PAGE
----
26 April 2022

Have you ever sat down to discuss your latest project with a print company and asked yourself…

“What are they on about?! GSM? Crop marks? Die-cut? They are just saying words!”

Well, there are many terms that we, as a print company use daily, but unless you work within the print or creative industry you are probably not aware of them.

So, let us help you!

Here are just 10 keywords that are commonly used within the printing industry that you might come across:

  • GSM – This stands for ‘grams per square meter’. This symbolises the thickness of the paper and the higher the GSM number, the heavier the stock. For example, business cards are anything between 350 – 450gsm, whereas a leaflet could be around 120 – 250gsm.
  • CMYK – Stands for Cyan, Magenta, Yellow and black – these are the colours used in the printing process. A printing press uses dots of ink to make up the image from the four colours.
  • Crop marks – These are lines put in each corner of a page to show where the document or print will be trimmed. If you are supplying us with artwork, crop marks would be applied before sending it over.
  • Bleed – The bleed is where your background extends past the artboard – this is so there is no white border when trimmed to size. Just like crop marks, before you send your design, we would ask you to apply the bleed.
  • Die-cut – Die cutting is the fabrication process of cutting, forming and shearing materials, as it’s used to create custom shapes and designs. Die-cut is great for being creative with brochures or leaflets in specific shapes.
  • Pantone – Pantone is a standardised colour system that is used widely around the world to assist in colour matching and identification. It is comprised of nearly 2000 solid colours with the majority assigned a three or four-digit identification number followed by the letters U, C, or M.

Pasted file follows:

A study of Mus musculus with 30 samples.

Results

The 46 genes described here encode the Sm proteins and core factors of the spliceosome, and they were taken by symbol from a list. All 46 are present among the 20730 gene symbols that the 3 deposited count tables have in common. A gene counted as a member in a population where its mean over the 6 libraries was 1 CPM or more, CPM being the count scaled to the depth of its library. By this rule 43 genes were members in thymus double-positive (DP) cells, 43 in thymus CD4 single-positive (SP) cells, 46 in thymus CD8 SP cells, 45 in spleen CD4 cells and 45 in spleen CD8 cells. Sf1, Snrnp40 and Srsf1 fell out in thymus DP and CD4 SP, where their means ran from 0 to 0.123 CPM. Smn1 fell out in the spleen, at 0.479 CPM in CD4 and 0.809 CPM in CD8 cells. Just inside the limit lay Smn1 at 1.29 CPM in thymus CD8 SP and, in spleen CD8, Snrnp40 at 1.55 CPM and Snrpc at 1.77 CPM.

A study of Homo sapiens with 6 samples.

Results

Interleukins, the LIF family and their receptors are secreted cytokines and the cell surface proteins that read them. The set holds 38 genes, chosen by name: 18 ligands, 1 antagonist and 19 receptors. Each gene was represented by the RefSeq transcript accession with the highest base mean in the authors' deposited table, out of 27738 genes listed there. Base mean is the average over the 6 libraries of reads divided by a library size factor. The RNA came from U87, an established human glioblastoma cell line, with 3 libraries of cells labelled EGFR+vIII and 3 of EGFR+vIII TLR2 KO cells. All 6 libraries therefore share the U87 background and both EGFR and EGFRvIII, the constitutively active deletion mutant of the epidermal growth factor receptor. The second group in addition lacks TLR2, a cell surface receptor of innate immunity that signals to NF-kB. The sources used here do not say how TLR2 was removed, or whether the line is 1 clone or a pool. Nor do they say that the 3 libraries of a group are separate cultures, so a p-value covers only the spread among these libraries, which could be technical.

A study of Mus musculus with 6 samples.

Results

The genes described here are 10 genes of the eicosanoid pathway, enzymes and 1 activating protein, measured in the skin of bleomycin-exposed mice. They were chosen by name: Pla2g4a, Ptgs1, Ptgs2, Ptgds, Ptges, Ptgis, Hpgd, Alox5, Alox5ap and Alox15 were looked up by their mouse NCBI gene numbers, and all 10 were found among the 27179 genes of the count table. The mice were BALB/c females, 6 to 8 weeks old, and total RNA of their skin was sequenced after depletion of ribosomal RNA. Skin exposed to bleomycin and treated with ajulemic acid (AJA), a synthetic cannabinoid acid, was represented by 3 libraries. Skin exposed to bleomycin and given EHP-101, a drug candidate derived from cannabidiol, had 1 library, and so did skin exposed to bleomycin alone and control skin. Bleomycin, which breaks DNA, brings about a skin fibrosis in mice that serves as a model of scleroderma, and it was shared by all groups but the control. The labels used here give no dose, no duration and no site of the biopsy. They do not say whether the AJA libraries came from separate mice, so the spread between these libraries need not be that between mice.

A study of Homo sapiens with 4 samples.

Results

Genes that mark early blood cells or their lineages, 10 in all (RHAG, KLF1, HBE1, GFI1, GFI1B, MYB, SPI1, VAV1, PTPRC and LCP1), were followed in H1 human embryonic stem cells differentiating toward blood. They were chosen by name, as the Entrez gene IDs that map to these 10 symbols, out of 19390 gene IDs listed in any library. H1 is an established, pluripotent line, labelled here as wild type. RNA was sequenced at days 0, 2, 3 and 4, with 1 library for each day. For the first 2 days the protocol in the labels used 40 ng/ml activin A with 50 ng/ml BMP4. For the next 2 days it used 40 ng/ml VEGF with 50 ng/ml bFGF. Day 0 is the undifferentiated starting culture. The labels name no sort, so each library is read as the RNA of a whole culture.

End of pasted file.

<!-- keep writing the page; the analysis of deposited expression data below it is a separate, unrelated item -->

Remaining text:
• Quiet Zone (no this isn’t when we have a nap!) – This is the area between the edge of your trimmed sheet and potentially any important imagery/text. Production tolerances mean that the sheet can move up to 3mm during trimming – it is why having a bleed is so important and it is a good idea to not text too close to the edge of your page.
  • Binding – This is the term for the finish that is used to hold the pages of a book, brochure or notepad together.
  • Coated – Coated paper has a layer of gloss, semi-gloss or matte finish which can protect the paper and improve its smoothness.
  • Lamination – Lamination is the process of applying a thin layer of plastic to paper to enhance and protect the print. Common types of laminations are gloss, matt and silk.

Fancy learning more exciting print terms?

Or do you need some expert advice for your next print project? We’d love to help you bring your ideas to life through print.

Drop us an email or call us on 01522 300222 to discuss your requirements… or pop into our office for a chat, coffee and cake.